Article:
Downtown Kirkland’s utility boxes get a facelift

New wraps celebrate the history of local community, businesses.

One of Kirkland Mayor Penny Sweet’s goals since being appointed to lead the city in January was to launch a program that would combine history, tourism and downtown beautification.

She asked the city to approve spending $4,500 to wrap two of its utility boxes, located at Bank of America and the Lake and Central parking lot. The wraps feature old black and white photos of Kirkland’s historic downtown.

“If anything, I think that is such a reasonable price for two of what I would consider significant installations,” Sweet said.

The program is still a pilot, but could be expanded as there are 61 city-owned traffic cabinets in Kirkland, Sweet said. The city or its Cultural Arts Commission plans to do a survey to see what residents think of the first two.

“We’re going to really be interested in feedback from folks,” Sweet said. “We think they’re going to like them.”

The idea originally came from Kirkland resident Sue Contreras, who along with many other citizens, attended a “For the Love of Kirkland” presentation in 2017. The workshop was led by “For the Love of Cities” author Peter Kageyama, who acknowledged the level of engagement already present in the city, specifically citing the Cow and Coyote statue in downtown Kirkland, lakefront parks and the Cross Kirkland Corridor.

Kageyama encouraged residents to recognize the things they love about the city and how they can build on them.

“All kinds of ideas came out with regard to how we can make this a more special place,” Sweet said.

Downtown Kirkland’s utility boxes get a facelift

Contreras brainstormed utility box wraps, and worked with Loita Hawkinson, Kirkland Heritage Society board president, to come up with the designs, using photographs from the society’s collection.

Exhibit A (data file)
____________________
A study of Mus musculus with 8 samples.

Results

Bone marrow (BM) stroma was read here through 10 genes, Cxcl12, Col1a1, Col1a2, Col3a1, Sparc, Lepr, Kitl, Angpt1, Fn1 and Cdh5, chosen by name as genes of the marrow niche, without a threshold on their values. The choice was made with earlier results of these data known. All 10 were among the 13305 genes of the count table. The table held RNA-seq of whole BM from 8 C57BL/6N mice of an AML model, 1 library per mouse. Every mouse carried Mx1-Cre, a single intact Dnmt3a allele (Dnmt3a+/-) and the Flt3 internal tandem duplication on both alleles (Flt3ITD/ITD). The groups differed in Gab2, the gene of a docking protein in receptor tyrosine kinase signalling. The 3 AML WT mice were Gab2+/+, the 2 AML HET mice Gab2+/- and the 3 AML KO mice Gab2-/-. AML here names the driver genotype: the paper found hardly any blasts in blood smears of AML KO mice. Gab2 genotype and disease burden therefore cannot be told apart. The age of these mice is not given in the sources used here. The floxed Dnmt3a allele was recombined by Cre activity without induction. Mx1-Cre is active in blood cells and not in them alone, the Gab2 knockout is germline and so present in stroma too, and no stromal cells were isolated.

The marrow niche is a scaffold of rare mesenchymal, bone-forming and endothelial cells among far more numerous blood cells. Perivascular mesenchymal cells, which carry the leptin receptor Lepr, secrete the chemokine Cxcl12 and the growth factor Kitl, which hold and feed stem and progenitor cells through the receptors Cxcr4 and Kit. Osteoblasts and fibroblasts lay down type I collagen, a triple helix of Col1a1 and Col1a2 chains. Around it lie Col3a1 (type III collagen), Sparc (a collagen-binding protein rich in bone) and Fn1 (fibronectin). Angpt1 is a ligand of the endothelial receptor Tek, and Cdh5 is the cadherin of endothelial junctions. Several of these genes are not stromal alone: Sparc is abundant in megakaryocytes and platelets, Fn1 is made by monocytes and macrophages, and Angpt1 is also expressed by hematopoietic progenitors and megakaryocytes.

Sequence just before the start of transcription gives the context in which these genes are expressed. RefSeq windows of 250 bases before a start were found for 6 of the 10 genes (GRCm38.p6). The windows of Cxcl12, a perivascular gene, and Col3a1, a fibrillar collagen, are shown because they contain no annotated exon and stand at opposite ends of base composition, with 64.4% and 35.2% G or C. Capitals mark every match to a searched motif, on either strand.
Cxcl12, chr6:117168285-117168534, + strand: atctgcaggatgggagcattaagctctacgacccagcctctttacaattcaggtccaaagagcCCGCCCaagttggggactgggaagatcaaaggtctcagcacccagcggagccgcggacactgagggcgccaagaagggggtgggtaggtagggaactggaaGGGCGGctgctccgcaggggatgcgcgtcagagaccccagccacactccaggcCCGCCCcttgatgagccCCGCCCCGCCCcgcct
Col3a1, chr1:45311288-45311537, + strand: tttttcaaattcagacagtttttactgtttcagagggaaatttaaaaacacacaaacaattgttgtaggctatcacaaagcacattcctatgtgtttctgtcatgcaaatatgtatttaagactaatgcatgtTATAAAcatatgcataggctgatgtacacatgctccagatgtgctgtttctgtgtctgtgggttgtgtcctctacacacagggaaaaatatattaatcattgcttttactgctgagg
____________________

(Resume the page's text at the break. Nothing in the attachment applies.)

“They perused old photos from the vantage point of the cabinets,” Sweet said. “So when you’re at the cabinet, you’re looking at pictures of what you would have seen, standing on that corner.”

The photos depict many of Kirkland’s old businesses, including drug stores, salons, a movie theater, a hardware store and more.

“As you look at the historic photos, you will be facing the current view,” according to the heritage society. “Some are completely different, others are familiar.”

The photos, from the collections of Ernie Fortescue, Martha Burr Millar, Art Knutson and Sandy Allen Anders, were printed by a Kirkland business.

Kirkland has a “deep history,” Sweet said, and “we find out more every day.” For example, the heritage society recently discovered that the Kirkland Chamber of Commerce is 100 years old this year.

The utility boxes are “kind of a celebration of businesses that were here way back when,” and a “little history lesson,” especially as the chamber celebrates its centennial, Sweet said.

She recently visited Coeur D’Alene, where all of the utility boxes are wrapped and were “absolutely charming,” which cemented her desire to do a pilot in Kirkland. Similar projects have been done in Portland, Oregon and Tacoma.

In its newsletter, the heritage society thanked the city for “finding the funds and seeing it through.”

Though history provided the inspiration for the design for the first two boxes, the city may tap into the local art community if the program continues, Sweet said.